Spanhoe Airfield: Fatal crash caused by plane stalling

1944 Auster AOP 5Image source, Getty Images
Image caption,
This is an earlier 1944 model of the aeroplane which crashed

A crash which killed a pilot on his second flight in a vintage aeroplane was caused by the aircraft stalling, an air accident report has found.

The pilot of the Auster AOP9 died and his passenger was seriously injured in the crash at Spanhoe Airfield, Northamptonshire, on 18 June 2017.

The Air Accidents Investigation Branch found the 1955 plane stalled at low altitude and could not recover.

It burst into flames when it landed and the passenger was thrown out.

Image source, AAIB
Image caption,
The crashed plane dated from 1955. It landed in a field beside the runway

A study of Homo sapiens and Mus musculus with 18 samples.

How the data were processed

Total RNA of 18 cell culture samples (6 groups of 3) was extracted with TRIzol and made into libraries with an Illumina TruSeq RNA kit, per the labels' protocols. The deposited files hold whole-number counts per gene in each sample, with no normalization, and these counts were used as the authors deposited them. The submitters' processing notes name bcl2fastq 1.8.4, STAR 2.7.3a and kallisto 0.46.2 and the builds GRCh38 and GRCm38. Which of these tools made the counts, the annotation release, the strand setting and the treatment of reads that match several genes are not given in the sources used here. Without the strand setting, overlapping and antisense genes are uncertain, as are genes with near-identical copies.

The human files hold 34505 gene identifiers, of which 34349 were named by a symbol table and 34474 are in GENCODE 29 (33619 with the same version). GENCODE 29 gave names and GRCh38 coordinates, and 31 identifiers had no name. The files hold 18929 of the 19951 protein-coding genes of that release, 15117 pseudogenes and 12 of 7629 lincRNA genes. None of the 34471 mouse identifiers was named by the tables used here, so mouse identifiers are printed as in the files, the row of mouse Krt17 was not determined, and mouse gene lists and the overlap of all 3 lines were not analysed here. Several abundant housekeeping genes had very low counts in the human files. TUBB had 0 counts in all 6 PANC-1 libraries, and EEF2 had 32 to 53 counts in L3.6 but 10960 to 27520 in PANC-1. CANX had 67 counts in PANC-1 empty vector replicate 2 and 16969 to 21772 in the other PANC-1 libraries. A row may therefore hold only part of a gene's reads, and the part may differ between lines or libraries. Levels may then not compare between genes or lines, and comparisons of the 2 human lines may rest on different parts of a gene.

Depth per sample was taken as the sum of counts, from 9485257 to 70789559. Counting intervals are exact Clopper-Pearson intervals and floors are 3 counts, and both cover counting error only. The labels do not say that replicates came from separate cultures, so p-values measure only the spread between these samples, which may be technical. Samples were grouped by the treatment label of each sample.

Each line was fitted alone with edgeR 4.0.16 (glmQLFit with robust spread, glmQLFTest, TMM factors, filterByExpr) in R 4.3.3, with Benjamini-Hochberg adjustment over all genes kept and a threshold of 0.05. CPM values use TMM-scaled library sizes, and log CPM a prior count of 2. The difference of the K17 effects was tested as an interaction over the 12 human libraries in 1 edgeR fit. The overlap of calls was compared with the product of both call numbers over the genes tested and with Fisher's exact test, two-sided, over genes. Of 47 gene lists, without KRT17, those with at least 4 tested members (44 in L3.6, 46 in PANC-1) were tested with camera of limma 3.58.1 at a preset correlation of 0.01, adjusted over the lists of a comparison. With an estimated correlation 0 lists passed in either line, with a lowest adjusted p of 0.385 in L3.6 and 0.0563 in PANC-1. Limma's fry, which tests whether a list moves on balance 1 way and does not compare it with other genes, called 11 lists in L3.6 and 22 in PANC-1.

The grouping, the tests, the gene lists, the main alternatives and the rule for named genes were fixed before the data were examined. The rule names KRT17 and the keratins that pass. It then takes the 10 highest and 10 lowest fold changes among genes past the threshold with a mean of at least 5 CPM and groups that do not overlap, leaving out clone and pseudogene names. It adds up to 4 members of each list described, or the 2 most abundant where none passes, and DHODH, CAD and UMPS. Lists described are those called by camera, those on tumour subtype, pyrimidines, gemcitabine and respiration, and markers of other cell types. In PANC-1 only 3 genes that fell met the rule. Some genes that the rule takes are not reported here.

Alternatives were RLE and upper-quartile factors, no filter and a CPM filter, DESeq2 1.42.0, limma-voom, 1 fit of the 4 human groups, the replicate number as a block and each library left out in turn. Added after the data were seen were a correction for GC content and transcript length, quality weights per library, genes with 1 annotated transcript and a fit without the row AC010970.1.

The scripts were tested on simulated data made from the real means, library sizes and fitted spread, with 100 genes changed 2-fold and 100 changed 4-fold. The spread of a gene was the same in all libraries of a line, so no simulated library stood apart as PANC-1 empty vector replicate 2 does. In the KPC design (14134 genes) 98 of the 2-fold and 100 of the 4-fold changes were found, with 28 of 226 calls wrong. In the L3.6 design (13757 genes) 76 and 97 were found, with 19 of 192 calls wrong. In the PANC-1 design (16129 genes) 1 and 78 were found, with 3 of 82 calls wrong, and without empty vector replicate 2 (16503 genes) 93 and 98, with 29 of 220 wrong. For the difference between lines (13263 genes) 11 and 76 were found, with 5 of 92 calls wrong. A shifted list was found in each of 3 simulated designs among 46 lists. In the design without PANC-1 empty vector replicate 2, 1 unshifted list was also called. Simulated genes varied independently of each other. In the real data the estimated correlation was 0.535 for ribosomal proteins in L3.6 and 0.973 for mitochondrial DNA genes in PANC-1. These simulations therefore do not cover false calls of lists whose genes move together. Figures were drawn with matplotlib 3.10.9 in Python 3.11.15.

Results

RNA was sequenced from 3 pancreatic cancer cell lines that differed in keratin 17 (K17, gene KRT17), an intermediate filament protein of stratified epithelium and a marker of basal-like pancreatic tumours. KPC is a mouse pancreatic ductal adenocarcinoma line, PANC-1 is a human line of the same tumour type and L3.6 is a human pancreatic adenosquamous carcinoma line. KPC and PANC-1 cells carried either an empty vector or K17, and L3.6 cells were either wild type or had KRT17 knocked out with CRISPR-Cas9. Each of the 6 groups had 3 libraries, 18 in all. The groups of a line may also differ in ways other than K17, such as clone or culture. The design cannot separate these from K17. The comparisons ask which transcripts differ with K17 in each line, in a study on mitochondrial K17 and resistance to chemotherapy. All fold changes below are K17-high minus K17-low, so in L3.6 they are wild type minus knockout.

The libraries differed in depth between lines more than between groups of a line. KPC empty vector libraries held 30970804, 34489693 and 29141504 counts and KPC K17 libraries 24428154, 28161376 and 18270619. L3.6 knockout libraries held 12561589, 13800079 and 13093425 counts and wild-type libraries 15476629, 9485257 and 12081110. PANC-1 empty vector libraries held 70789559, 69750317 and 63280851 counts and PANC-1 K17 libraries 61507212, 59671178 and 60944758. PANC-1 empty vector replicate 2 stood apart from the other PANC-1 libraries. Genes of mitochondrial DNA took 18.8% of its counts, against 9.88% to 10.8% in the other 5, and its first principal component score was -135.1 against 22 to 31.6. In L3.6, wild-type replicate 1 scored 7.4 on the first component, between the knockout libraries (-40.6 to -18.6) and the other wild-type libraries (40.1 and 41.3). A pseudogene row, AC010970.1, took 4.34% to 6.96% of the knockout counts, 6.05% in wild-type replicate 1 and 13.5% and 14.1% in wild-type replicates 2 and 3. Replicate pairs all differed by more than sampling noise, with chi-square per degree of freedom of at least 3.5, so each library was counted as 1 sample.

The aircraft had recently been rebuilt and restored at Spanhoe Airfield, near Corby, by its owner - the pilot who died.

The 49-year-old had taken it out for its first flight the day before, the report said.

The plane took off at about 11:30 BST.

The report said a group of bystanders in a hangar heard it crash shortly afterwards but did not see what happened.

They arrived at the crash site, in a field beside the runway, to find the aircraft on fire, while the passenger was found 21m (68ft) away.

A horse rider watching from 430m (1,400ft) away told the investigation the takeoff initially seemed normal, but after a short pause it rolled into a steep descent.

The report concluded the plane must have stalled at a low height, but could not identify any other technical issues which might have contributed to the accident.